Howard Armstrong (musician)
|Birth name||William Howard Taft Armstrong|
|Also known as||Louie Bluie|
March 4, 1909|
Dayton, Tennessee, United States
|Died||July 30, 2003
Boston, Massachusetts, United States
|Instruments||Fiddle, mandolin, guitar, vocals|
|Associated acts||The Tennessee Chocolate Drops
Martin, Bogan and Armstrong
Howard "Louie Bluie" Armstrong (March 4, 1909 – July 30, 2003) was an African-American string band and country blues musician, who played fiddle, mandolin, and guitar and sang. He was also a notable visual artist and raconteur.
William Howard Taft Armstrong was born in Dayton, Tennessee, and grew up in LaFollette, Tennessee. As a young teenager he taught himself to play the fiddle and joined a band led by Blind Roland Martin and his brother Carl Martin. They toured the United States performing a wide range of music, from work songs and spirituals through popular Tin Pan Alley tunes and foreign-language songs. Armstrong, his brother Roland Armstrong, and Carl Martin, billed as the Tennessee Chocolate Drops, recorded for Vocalion Records at the St. James Hotel in Knoxville, Tennessee, on April 3, 1930. Adding guitarist Ted Bogan, the band toured as part of a medicine show and backed blues musicians such as Big Bill Broonzy and Memphis Minnie. As Martin, Bogan and Armstrong, they also performed at the 1933 World's Fair in Chicago. In 1934 Armstrong and Bogan recorded "State Street Rag" and "Ted's Stomp" for Bluebird Records, with Armstrong using the stage name Louie Bluie, which had been given to him by a fan.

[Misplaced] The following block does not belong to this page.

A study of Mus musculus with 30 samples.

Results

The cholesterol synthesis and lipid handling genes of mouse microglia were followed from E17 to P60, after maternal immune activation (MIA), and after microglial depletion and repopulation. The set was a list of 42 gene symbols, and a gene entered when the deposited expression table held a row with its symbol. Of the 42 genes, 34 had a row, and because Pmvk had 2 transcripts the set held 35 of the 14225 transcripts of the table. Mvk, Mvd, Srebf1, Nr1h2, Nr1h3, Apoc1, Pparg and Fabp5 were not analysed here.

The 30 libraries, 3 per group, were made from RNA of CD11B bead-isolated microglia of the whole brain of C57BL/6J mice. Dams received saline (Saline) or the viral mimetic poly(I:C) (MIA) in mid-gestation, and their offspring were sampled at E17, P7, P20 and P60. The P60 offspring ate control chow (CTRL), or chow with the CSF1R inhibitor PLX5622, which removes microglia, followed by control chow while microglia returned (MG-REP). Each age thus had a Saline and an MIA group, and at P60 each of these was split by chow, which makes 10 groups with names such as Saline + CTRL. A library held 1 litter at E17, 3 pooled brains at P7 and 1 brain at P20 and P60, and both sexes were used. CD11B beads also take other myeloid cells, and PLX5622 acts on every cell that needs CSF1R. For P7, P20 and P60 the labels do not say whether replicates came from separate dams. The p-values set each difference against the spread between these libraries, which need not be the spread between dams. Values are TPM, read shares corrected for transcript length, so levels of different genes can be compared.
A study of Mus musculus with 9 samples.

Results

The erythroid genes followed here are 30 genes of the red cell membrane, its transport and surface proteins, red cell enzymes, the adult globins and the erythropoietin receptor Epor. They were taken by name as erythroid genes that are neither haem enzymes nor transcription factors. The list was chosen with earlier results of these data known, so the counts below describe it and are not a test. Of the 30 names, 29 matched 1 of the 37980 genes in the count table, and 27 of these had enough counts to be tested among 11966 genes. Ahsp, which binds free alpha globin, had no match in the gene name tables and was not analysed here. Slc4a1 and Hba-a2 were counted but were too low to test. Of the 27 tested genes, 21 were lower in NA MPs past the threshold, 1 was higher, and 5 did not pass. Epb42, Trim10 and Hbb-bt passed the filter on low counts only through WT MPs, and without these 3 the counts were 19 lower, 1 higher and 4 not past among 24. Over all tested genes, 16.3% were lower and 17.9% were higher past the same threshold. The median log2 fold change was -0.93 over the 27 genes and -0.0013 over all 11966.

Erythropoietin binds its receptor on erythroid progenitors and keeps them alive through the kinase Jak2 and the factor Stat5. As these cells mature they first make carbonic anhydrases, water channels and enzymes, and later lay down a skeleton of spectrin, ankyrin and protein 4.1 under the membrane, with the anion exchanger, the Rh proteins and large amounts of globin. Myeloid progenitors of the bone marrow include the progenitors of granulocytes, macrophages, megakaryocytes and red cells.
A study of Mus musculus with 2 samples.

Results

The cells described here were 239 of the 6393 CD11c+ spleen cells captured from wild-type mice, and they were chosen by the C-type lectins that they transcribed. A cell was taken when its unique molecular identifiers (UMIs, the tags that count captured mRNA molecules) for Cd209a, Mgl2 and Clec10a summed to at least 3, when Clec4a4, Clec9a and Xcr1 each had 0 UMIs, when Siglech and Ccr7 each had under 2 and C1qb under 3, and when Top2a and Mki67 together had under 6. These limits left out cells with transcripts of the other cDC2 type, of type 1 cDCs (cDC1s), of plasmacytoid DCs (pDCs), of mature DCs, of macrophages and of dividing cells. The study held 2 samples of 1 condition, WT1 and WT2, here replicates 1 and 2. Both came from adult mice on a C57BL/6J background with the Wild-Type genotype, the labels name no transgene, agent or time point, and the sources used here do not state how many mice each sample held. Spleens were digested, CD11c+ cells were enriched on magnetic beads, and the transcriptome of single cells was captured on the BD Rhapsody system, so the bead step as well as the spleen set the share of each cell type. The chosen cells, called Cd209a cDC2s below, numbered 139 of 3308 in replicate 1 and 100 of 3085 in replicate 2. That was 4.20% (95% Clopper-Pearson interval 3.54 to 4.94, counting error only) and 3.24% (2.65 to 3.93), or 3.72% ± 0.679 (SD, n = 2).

Armstrong's early recordings are country rags or blues, but this was not his sole repertoire as a performer. According to his sometime accompanist, the writer Elijah Wald, his early theme song was the Gershwin standard "Lady Be Good", and his group's repertoire included a wide range of hit songs of the period, including Italian, Polish, Mexican and country songs, which he would play to meet the varying demands of his audience.
After serving in World War II, Armstrong moved to Detroit and worked in the auto industry until 1971. With a revival of interest in old-time African-American music, Martin, Bogan and Armstrong reunited. The band recorded, performed at clubs and festivals and went on a tour of South America sponsored by the U.S. State Department. They played together until Martin's death in 1979.
Around this time, both Armstrong and Bogan were contacted by the filmmaker Terry Zwigoff, a fan of their recording "State Street Rag". Zwigoff's interest in Armstrong eventually blossomed into a one-hour documentary, Louie Bluie, released in 1985. He was the subject of the 2002 documentary Sweet Old Song.
He continued to perform with a younger generation of musicians and released his first solo album, Louie Bluie, in collaboration with Ralphe Armstrong and Ray Kamalay in 1995. The album earned him a W.C. Handy Blues Award.
Armstrong was also an expert painter, designing album covers for his group and occasionally for other artists, including Wald. He also made necklaces from beads, pipe cleaners and found objects. He spoke several languages.
- Louie Bluie (album) (Blue Suit Records, 1995)
- 1996 – W.C. Handy Blues Award for Acoustic Album: Howard Armstrong, Ralphe Armstrong, & Ray Kamalay – Louie Bluie
- 2000 – W.C. Handy Blues Award for Blues Instrumentalist - Other (Violin)
- 2003 – W.C. Handy Blues Award for Blues Instrumentalist - Other (Mandolin)
- Jason Ankeny. "Howard Armstrong | Biography & History". AllMusic. Retrieved 2015-10-08.
- "Howard Armstrong: 1909–2003". Jazzhouse.org. Retrieved 2015-10-08.
- Wald, Elijah (2004). Escaping the Delta: Robert Johnson and the Invention of the Blues. ISBN 978-0-06-052427-2.
- Roston, Tom (2009-03-03). "Remembering Howard "Louie Bluie" Armstrong, Part I | Documentary News | POV Blog". PBS. Retrieved 2015-10-08.
- Jack Neely, "Louie Bluie Festival Celebrates the Legacy of Eclectic Musician Howard Armstrong," Knoxville Mercury, 24 September 2015.